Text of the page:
Wednesday, September 25, 2013

Jackson, Mississippi

I'm a pretty big fan of oxbow lakes (and the process of their formation!)  Unfortunately, oxbow lakes probably don't have a lot of "fans" and probably don't even hold most folks' attention for more than a few minutes.  However, I'd like to argue that they really should.  Why?

1) They can happen in your lifetime!  Unlike mountain building, continental rifting, volcanic island-chain formation, and ice age cycles, oxbow lakes can easily form and change the physical geography of a place in a relatively short amount of time.  They share a category in this regard with things like glacial retreat and natural disasters (only the implications of a meander cutoff aren't as dooming, so there's another plus.)

2) They ignore the petty politics of geographical borders.  Thinking about splitting from your neighbors?  Why not use the nearby stream as the geographical border between your newly divided lands?  That's easier than having to put up a fence, right?  Think again!  That stream might decide to move at some point!  What happens when that fancy apple orchard growing inside the meander gets cut off and ends up on your neighbor's side of the stream?  Who owns your precious apples now???

3) They're all about taking shortcuts.  Who doesn't love a shortcut?  Point A and Point B will briefly be a little closer together before the continuous erosion of cut banks extend the remaining meanders outwards.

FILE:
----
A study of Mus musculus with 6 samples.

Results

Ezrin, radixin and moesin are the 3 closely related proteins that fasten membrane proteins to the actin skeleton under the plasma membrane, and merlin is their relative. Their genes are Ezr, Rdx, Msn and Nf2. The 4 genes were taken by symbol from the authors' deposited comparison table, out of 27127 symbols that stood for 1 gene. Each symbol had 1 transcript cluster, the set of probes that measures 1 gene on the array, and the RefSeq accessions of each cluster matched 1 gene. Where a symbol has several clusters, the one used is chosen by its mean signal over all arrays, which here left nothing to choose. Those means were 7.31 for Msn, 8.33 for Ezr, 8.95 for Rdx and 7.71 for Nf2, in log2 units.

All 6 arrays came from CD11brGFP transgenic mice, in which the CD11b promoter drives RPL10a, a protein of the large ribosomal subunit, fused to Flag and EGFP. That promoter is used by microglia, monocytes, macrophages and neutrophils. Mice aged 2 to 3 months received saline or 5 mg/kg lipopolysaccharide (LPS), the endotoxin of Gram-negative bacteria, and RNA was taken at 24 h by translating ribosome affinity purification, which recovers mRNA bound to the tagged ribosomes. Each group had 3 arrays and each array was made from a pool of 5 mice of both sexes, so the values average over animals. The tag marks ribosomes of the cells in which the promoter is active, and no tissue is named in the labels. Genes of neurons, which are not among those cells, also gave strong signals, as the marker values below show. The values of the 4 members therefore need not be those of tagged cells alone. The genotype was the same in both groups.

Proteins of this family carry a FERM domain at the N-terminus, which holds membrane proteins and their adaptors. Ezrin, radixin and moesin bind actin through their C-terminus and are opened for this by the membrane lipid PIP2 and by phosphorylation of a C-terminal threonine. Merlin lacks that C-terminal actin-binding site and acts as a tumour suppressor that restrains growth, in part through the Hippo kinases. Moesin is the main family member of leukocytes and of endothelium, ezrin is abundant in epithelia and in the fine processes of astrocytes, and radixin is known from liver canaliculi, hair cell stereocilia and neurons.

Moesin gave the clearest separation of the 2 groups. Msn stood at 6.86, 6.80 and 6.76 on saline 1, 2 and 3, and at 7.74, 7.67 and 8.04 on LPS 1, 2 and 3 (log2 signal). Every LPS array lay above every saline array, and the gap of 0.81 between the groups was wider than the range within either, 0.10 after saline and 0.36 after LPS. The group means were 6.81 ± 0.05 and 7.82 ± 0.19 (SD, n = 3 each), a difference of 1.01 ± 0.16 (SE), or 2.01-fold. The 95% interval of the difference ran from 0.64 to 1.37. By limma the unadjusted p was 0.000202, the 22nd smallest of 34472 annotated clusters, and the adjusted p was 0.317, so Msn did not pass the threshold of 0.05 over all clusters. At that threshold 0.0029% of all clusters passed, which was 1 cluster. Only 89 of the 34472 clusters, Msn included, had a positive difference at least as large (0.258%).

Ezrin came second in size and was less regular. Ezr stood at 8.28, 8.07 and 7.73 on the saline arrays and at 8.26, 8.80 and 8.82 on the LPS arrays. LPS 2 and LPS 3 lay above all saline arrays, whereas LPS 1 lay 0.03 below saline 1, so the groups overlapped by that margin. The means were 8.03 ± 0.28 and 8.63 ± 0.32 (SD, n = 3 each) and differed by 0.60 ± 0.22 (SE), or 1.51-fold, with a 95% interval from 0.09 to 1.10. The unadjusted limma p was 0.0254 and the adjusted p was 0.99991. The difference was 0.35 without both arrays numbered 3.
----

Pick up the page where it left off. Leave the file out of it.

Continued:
4) They influenced my decision to keep this blog going.  Last time I blogged about a meander cutoff it spread all over Google+ and Twitter and was shared by a number of other science and non-science bloggers.  To this day, that blog entry is my most popular – being viewed almost 100x more than my next highest viewed entry.  I'm extremely proud of this, and it was one of the reasons I kept this blog going.  Oxbow lakes saved my life blog!

That lengthy introduction was to lead up to this new oxbow lake blog entry!  The occurrence is just south of Jackson, Mississippi on the Pearl River and looks great in this imagery:

Here's a good example of county boundaries (shown as the thin green line and probably designated over a century ago) that were ignored by the Pearl River:

You can find it yourself on Google Earth using these coordinates:     32°11'20"N  90°12'00"W  

More info: Wikipedia

Check back in two weeks to see a large scar in Wisconsin!

Wednesday, September 11, 2013

Aq Qala, Iran

Unfortunately, I don't have a whole lot of information to associate with this imagery.  I was browsing Google Earth with my free time and exploring northern Iran when I came across a flood just outside of the city of Aq Qala in the Golestan province.  I tried looking up "March 2012 Golestan floods" and other related search terms but couldn't find anything in particular that detailed the extent of the flooding.  If you happen to find anything, feel free to leave a comment below.

What is most notable about this image to me is the extent of flooding in the low-lying farms south of the main river channel.  You can see how the flood waters travelled up a small tributary stream that connects to the river in the northeast portion of the image.

The following gif shows June 2003, September 2007, October 2012, and March 2012:

You can find it yourself on Google Earth using these coords:     37°00'N  54°30'E  

More info from sources referenced: Wikipedia

Check back in two weeks to explore another oxbow lake formation in the Deep South!